The Federal Reserve has been around for over 100 years and though the sole purpose of the institution was to prevent financial crisis, the country has gone through the world’s largest period of financial depression and since then, endured more than a couple recessions. With a measure in place to prevent this, why have these recessions occurred?
To answer this, it might help to understand more about the history of this financial institution.
The United States has a mixed history with central banking. As you might recall from your history classes, individuals like Thomas Jefferson and James Madison were heavily opposed to such an institution being founded in the country. Despite their opposition, the First Central Bank of the United States was established in 1791 and lasted until it expired in 1811 due to lack of support from congress. The country remained without a central bank until 1816.
After this, the country went through a few banking situations. From 1816-1836 it operated under The Second Bank of the United States. From 1846-1921, the country relied on the Independent Treasury System and from 1863-1913 there were a variety of National Banks. Of course, throughout all this, there were some ups and downs.
Signed into law by Woodrow Wilson, the Federal Reserve act was supposed to be a way to actually help businesses. In reality, it certainly did help some of the biggest businesses, but for most normal citizens and small business owners, it had the opposite effect. This act allows the Fed to produce reserve notes (I.E. US Dollars) to be used as legal tender. It created a system of public and private entities to monitor banking in the United States and steer the course of economic history going forward.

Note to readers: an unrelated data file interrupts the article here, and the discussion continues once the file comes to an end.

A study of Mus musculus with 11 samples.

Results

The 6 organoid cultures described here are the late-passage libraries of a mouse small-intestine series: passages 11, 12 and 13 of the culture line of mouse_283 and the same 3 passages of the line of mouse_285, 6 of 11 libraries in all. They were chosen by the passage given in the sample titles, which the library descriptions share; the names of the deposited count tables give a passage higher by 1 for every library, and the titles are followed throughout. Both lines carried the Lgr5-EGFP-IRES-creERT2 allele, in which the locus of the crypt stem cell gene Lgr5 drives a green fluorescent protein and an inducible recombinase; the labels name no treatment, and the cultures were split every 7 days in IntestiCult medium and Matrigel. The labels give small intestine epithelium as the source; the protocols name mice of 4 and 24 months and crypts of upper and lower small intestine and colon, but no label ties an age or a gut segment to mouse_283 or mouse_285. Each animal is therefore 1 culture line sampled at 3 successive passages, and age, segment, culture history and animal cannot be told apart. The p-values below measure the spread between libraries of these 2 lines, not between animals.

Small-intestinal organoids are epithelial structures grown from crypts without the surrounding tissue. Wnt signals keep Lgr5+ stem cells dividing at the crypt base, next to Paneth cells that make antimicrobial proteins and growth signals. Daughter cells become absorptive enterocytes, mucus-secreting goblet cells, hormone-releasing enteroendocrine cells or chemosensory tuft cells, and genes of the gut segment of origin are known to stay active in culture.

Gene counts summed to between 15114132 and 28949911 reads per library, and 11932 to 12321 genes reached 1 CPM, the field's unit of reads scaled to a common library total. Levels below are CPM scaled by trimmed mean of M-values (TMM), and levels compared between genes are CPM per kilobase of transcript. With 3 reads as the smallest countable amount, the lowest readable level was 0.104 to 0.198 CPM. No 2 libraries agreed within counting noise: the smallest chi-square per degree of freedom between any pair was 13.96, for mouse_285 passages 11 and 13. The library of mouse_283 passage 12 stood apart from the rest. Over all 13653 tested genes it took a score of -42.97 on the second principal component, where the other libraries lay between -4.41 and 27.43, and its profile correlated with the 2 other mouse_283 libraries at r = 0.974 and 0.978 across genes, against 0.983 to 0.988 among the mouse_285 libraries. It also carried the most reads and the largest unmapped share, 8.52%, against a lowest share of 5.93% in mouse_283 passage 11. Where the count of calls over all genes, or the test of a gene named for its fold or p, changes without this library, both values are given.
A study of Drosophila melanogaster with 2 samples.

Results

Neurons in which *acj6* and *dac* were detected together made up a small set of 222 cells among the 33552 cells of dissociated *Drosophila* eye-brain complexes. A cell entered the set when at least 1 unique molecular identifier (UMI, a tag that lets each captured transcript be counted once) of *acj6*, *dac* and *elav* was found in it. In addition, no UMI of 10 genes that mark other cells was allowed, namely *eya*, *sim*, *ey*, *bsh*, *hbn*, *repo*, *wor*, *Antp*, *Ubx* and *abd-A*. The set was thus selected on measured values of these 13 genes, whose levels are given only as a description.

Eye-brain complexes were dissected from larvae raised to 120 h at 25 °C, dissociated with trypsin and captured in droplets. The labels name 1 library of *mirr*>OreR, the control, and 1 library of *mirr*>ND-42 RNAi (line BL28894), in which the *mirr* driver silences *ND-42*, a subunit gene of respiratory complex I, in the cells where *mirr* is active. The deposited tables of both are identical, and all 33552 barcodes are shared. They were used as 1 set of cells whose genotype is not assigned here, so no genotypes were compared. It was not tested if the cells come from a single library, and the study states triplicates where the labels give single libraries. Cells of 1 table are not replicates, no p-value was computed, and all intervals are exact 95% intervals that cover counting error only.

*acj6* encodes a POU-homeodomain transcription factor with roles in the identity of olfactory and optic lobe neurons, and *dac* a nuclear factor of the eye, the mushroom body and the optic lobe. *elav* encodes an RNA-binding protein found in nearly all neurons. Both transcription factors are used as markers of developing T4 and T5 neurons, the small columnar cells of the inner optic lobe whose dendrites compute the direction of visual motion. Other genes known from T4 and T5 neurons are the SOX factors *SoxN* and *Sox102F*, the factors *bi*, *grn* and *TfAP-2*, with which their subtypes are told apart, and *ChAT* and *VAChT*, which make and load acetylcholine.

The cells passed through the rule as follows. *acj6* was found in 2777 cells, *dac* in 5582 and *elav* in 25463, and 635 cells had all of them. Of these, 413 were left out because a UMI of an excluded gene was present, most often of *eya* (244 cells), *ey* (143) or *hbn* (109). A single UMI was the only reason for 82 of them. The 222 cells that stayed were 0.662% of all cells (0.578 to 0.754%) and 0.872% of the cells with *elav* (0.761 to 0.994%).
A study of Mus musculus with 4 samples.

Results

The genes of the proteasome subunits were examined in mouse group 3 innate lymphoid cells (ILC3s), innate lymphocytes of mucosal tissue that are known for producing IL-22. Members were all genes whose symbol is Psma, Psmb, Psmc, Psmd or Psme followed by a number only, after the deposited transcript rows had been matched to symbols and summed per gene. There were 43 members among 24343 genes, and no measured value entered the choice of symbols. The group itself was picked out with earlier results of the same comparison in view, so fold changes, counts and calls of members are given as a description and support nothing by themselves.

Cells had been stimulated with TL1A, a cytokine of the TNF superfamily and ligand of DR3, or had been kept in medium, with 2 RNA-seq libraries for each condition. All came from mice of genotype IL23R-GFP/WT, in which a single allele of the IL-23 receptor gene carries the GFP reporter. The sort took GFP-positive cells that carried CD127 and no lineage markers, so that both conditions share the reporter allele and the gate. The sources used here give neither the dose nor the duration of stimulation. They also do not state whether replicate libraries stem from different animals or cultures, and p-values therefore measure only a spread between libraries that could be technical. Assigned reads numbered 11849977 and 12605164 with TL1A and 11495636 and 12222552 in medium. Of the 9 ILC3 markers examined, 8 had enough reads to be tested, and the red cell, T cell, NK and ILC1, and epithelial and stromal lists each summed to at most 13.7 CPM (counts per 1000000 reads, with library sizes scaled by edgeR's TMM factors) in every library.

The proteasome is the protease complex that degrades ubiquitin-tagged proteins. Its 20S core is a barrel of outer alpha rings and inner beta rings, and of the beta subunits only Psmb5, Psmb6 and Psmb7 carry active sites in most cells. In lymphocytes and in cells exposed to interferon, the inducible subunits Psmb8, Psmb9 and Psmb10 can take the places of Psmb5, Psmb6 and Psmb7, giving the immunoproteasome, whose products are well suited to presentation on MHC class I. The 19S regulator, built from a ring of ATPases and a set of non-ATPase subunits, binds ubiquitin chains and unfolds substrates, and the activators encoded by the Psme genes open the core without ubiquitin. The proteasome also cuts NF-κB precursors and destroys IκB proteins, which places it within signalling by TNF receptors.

In theory, this might appeal to some who believe government control is necessary for success, but in reality it doesn’t really do that either. With the power it was granted, the federal government is not actually the one printing the money, but rather the reserve system is. Either way, it means citizens in the United States are relying on a fiat currency.
You may have heard the term “fiat currency” before. By definition, fiat currency is any money that derives its value from government law or regulation, it has no intrinsic value. While it may be worth X amount today, tomorrow it could be worth 2X or 1/2X. Unlike currency backed by a commodity, or a physical good of some kind, fiat currency can inflate or deflate for no reason.
Unfortunately, the US Dollar is a fiat currency. With the power it has, the Federal Reserve can print money on demand, and if there is ever a deficit they can artificially adjust the value. For those at the top of the money ladder, this might seem fine and dandy, but for the working class Americans, this can lead to some serious financial issues.
In the 2012 presidential election, Republican candidate, Ron Paul, spoke out against the Federal Reserve. Paul, who is often identified as libertarian, suggested the abolishment of the Fed. There were even movements that arose related to his call to End the Fed. Of course, assuming he was the first person to suggest the deconstruction of the Fed would be a mistake.
In 1998, author G. Edward Griffin wrote a book titled The Creature from Jekyll Island, which took a hard look at the Federal Reserve system in the United States. If you are interested in learning more about the creation of the federal reserve and how it works, you might want to check this book out. Needless to say, it doesn’t have much good to say about the Reserve and warns the Fed could ultimately cause a greater economic collapse than ever before.
The simple reality is the recessions continue to happen because natural forces are always more powerful than artificial control measures. Having a system like the Federal Reserve in place does not actually help stabilize the dollar. Instead, it sets up artificial stopgaps and devalues the currency it is meant to protect. As with all fiat currencies, the probability of collapse is high.
Do you think the Federal Reserve needs to be abolished? What changes would you put in place to ensure the country’s economic future?